China must continue with political and economic reform if it is to maintain its growth trajectory.
When outgoing Chinese Premier Wen Jiabao addressed the media after the conclusion of the annual session of the National People’s Congress last month, he literally dropped a bombshell. Wen said: “New problems have cropped up in China’s society which will not be fundamentally resolved and such historical traged[ies] as the Cultural Revolution may happen again”. The mere mention of the Cultural Revolution sends shivers down the spines of most, whether they be high-ranking Chinese leaders or prominent businessmen in Hong Kong. Wen obviously knew that he was touching a raw nerve in mentioning the Cultural Revolution – an episode in recent Chinese history in which the Chinese Communist Party played a vital role. Most of today’s successful Hong Kong businessmen (including KS Li & Henry Tong Ying-Yen) relocated to Hong Kong before or during those traumatic years between 1966-76. The suggestion of a return to that type of chaos wasn’t exactly music to their ears.
Wen also mentioned the late reformer and Party leader Deng Xiaoping, and stressed that as a remedy for the past, China needs a “successful political structural reform [and without which] it would result in losing the economic gains we have made”. Cynics would brush this off as lip service to liberals hoping for change and an effort to quiet the international community. But the mere mention of a problem within the Party that endangers the “harmony” is rare indeed. This clear declaration did sound warning bells to those who are optimistic about the opening up of the political sphere, an area that had not received much attention from the central government for many years.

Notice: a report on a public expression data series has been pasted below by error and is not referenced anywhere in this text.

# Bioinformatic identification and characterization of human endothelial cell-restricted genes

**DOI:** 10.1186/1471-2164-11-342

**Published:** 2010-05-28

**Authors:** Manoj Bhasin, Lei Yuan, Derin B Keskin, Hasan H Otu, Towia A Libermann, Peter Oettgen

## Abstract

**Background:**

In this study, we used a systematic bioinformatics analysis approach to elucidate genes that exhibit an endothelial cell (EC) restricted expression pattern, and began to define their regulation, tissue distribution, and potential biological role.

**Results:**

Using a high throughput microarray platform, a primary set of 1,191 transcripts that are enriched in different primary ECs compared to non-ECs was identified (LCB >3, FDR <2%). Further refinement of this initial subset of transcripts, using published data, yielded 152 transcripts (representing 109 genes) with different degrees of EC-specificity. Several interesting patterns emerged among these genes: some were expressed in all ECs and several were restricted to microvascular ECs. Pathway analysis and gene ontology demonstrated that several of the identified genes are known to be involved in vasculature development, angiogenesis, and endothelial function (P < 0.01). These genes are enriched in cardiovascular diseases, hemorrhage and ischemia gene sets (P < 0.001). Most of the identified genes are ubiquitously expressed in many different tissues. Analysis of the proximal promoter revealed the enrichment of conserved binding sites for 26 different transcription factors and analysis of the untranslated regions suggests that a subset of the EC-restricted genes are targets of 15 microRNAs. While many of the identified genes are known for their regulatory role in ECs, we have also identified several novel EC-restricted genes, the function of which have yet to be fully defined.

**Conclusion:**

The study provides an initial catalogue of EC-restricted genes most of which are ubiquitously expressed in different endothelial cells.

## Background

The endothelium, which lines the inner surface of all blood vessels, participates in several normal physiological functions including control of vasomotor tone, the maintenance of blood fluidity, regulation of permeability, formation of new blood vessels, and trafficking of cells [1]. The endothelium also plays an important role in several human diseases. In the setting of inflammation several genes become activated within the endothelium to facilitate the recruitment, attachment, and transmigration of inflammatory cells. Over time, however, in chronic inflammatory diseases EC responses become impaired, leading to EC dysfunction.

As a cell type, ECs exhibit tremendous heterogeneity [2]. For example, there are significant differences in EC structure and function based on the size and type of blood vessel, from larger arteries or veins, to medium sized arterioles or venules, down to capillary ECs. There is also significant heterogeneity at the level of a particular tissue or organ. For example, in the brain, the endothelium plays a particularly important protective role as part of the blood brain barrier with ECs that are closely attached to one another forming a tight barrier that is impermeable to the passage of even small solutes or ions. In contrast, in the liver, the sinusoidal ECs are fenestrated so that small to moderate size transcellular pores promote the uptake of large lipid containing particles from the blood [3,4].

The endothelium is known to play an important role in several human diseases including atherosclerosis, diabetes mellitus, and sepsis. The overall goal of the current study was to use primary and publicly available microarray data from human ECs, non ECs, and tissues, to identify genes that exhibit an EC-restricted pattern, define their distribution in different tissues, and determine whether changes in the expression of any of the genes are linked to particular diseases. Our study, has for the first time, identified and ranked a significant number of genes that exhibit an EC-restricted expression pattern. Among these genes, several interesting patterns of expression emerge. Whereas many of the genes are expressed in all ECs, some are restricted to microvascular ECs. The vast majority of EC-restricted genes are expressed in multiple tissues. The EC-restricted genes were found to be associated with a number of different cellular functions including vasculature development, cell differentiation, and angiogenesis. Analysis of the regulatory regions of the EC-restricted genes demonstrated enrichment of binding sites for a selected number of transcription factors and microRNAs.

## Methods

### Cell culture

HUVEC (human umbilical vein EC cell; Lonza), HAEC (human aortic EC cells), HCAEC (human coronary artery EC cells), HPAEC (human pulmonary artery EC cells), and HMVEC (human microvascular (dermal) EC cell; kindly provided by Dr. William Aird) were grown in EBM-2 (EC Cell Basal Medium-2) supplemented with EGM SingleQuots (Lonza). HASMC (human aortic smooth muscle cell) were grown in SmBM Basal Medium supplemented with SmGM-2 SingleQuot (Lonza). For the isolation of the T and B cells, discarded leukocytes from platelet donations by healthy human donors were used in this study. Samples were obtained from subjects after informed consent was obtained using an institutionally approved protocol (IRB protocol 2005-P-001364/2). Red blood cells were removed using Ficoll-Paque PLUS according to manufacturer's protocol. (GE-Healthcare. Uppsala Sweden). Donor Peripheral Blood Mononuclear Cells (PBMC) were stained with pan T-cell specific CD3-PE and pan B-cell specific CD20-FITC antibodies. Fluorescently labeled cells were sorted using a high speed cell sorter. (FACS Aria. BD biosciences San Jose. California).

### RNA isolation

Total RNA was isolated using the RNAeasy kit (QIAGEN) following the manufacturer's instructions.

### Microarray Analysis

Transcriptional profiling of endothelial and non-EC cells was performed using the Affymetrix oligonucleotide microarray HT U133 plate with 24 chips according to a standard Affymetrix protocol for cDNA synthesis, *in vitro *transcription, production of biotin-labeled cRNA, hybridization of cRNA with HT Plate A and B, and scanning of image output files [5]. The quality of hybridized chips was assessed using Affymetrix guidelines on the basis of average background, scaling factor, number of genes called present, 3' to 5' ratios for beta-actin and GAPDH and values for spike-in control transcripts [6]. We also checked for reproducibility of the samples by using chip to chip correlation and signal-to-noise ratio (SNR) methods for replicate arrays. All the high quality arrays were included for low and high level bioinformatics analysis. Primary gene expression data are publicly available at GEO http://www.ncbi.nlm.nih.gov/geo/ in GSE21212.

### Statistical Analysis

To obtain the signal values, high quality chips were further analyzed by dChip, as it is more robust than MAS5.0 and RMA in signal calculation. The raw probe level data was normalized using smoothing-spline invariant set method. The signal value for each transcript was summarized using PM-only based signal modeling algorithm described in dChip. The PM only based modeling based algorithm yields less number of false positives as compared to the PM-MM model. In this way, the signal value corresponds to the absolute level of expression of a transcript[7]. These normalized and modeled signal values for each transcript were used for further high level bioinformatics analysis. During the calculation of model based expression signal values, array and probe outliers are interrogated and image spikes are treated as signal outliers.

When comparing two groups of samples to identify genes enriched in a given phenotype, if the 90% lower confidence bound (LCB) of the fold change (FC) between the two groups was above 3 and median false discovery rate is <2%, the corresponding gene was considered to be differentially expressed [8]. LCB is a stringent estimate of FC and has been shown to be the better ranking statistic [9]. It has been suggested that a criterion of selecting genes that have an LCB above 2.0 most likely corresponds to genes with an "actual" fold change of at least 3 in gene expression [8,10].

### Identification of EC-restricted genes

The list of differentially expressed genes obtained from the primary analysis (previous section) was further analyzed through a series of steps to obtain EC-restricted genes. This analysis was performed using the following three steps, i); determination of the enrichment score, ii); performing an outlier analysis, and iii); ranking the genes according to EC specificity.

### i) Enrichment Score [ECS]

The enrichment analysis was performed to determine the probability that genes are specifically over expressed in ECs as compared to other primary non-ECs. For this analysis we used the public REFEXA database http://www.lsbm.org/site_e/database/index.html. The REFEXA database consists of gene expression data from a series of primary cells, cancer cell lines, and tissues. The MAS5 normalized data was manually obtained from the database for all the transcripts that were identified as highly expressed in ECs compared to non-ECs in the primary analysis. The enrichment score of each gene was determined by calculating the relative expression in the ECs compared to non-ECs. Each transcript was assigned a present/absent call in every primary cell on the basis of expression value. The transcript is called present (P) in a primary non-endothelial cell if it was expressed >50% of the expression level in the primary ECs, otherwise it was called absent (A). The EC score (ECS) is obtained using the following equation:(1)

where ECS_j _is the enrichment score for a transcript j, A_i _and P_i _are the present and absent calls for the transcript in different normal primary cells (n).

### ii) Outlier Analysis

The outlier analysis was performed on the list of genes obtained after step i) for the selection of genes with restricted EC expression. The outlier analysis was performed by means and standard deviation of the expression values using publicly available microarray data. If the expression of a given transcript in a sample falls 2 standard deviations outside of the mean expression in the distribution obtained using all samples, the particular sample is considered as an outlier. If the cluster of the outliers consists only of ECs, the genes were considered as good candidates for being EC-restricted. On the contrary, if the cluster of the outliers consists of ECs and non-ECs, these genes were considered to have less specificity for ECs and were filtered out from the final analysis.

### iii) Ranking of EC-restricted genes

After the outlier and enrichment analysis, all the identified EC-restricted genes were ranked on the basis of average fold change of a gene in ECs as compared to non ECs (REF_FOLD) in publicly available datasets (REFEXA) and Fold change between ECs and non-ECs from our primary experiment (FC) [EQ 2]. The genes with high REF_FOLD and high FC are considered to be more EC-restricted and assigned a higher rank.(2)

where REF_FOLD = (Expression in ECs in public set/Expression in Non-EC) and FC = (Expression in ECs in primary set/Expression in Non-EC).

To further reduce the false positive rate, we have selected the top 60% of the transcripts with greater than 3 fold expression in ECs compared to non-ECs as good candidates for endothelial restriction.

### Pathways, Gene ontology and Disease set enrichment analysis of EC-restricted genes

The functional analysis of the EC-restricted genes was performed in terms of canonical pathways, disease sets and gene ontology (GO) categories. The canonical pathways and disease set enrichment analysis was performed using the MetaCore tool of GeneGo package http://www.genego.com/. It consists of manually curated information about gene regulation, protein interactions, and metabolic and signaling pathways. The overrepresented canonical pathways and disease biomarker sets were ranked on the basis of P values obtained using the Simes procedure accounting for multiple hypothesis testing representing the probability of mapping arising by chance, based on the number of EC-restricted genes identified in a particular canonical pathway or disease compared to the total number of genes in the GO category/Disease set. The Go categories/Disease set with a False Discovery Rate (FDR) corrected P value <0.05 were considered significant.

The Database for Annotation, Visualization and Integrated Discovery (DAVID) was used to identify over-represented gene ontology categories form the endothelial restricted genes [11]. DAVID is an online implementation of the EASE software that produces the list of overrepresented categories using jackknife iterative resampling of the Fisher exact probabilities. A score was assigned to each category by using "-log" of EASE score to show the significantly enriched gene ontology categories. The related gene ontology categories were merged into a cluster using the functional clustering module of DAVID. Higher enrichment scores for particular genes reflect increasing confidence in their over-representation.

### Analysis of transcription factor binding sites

Hong Kong insiders are already uneasy with rumors that the incoming new President Xi Jimping is unlikely to have the same patience with the city as his predecessors did. The election of the new Chief Executive who is more ready to obey the Central Government, than to continue the interests of the business community, has fueled speculation. So Wen’s speech may be a warning that a new hard line conservative may be waiting in the wings. Already there is talk about moving assets and companies to other locations, due to fears regarding the stability of the Central government. Everyone agrees that China’s continued prosperity can only continue if the political system and atmosphere are healthy and stable.
Events have shown that Wen’s speech may have been a result of a power struggle with Bo Xilai, who was building up a conservative agenda inside the party. Although due to the recent scandal it is now clear that Bo Xilai will never become a political force, a real life drama has emerged that eerily resembles “Red Corner”, a film that starred Richard Gere. Yet the most important question remains whether China will now have the courage to finally lead the charge with much-needed political reform, an action that will finally put the ghosts of the past to rest.
The views expressed in this article are the author's own and do not necessarily reflect Fair Observer’s editorial policy.